I’ve posted this in the Tech category, despite the subject matter being decidedly low-tech, because I think it needs a modicum more technology thrown at the problem.
An acquaintance in the UK told a harrowing story of being woken in the dead of night by a smoke alarm with a low battery warning. His issue was with the fact that a low battery warning was treated the same as the detection of smoke – by an ear-splitting noise designed to wake the dead. Or, at least, wake the living, to ensure they don’t become the dead.
He was understandably miffed at the apparent urgency of the situation being completely unwarranted. My response? Luxury!
Here in New Zealand, there are advertisements on national television on the importance of installing smoke alarms. Whenever people die in a house fire, there is the inevitable fire service commentary that lives could have been saved if smoke alarms were installed. The fire service will even come around, when they have time, and advise on correct numbers and locations of smoke alarms for your house.
I have 7 smoke alarms in my two storey house. One in each of 3 bedrooms, lounge, dining, study and main hallway. Each takes a 9 volt battery which will last for months. Installing them was no great chore, and the cost was not prohibitive. I appreciate the value of these devices. But at the same time I hate them and I think I understand those situations where smoke alarms were fitted to a house, but didn’t activate due to lack of a battery. It is because they are very badly designed.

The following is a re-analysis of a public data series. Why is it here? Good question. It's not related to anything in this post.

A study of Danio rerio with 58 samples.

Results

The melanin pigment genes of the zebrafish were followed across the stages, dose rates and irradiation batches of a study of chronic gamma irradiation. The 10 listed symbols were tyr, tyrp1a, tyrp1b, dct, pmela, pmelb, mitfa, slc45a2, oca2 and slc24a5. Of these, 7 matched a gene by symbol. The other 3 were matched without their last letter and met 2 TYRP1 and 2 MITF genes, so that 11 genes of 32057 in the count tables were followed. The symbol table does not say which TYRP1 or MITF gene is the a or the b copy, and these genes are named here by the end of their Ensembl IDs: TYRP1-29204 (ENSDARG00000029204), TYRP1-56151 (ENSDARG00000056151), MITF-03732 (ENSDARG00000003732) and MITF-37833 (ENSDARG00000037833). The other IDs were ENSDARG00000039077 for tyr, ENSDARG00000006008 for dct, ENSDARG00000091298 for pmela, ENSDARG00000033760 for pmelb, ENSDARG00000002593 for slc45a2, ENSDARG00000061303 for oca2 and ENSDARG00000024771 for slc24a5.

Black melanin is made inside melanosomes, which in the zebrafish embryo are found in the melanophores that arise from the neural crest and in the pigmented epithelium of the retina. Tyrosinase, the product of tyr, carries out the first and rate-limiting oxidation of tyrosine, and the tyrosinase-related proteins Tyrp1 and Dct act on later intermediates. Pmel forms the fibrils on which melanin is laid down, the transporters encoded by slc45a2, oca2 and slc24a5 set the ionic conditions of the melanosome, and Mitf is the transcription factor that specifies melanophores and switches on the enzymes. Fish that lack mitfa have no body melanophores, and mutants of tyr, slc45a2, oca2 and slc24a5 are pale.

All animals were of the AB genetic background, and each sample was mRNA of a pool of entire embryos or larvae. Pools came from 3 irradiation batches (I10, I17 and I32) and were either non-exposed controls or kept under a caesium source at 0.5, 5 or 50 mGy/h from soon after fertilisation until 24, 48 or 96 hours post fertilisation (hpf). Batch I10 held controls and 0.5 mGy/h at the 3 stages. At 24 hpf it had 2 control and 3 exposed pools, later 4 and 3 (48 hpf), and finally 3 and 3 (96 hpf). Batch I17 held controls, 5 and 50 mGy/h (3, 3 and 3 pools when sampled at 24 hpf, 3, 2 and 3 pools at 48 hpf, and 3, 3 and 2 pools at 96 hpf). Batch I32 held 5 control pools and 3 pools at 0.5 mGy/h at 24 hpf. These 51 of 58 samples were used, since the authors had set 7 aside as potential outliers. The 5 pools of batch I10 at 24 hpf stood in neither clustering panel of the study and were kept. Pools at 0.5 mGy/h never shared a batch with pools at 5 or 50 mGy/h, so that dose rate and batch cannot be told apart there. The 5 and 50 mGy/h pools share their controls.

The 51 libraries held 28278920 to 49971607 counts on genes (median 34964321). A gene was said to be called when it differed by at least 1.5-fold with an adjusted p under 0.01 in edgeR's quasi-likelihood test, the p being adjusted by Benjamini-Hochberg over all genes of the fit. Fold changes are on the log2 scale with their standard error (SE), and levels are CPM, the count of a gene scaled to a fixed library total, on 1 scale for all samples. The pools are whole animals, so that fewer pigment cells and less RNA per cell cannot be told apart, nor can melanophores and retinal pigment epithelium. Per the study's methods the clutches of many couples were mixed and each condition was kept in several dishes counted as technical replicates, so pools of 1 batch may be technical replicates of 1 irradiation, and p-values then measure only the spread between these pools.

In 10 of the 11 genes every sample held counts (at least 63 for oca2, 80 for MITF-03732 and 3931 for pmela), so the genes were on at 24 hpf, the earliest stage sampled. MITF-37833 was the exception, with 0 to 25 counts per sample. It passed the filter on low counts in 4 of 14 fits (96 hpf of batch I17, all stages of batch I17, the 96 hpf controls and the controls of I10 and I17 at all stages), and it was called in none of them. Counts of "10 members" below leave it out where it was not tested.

The standard smoke alarm in New Zealand has only one point of interaction with the user. That is a push-to-test button which, when pushed, will sound the alarm briefly to prove it is working. There are no lights of any kind. The fun begins when the battery begins to run low.
‘Pip’ goes the smoke alarm. It is a substantially-sub-second, very high pitched tone. These two attributes of the sound make it extremely difficult to determine from which direction it came. To begin with, the pips are about 20 minutes apart. Well long enough to be getting on with doing something else and forget about the device. That is, if you are up and about. If this happens in the middle of the night, it is altogether an extremely annoying prospect.
Sometimes, if we’re especially lucky, the pips only come once an hour or more. The instructions say to change the battery when the pips come two minutes apart. Stuff that! I’m not putting up with these annoying sounds any longer than I have to.
Is it any wonder that people get so annoyed with these things that they leave the battery out?
The first thing that could be done is change the design to emit the pips at a frequency of one per minute from the moment it decides it needs to have it’s battery changed. This escalation business helps no-one.
The second thing that could be done is to accompany the sound with a flash of an LED which takes so little to power it should not be an issue for power drain.
If both of these changes were made, it would be a matter of a few minutes to locate the device in need and change the battery.
It is interesting to note that the devices described in the UK have such a light, and yet emit the full-blown klaxon when the battery is in need of replacing. That’s just going to stupid in the other direction.
A little forethought in the design of these life-saving devices could well save more lives! As they say, it’s not rocket science!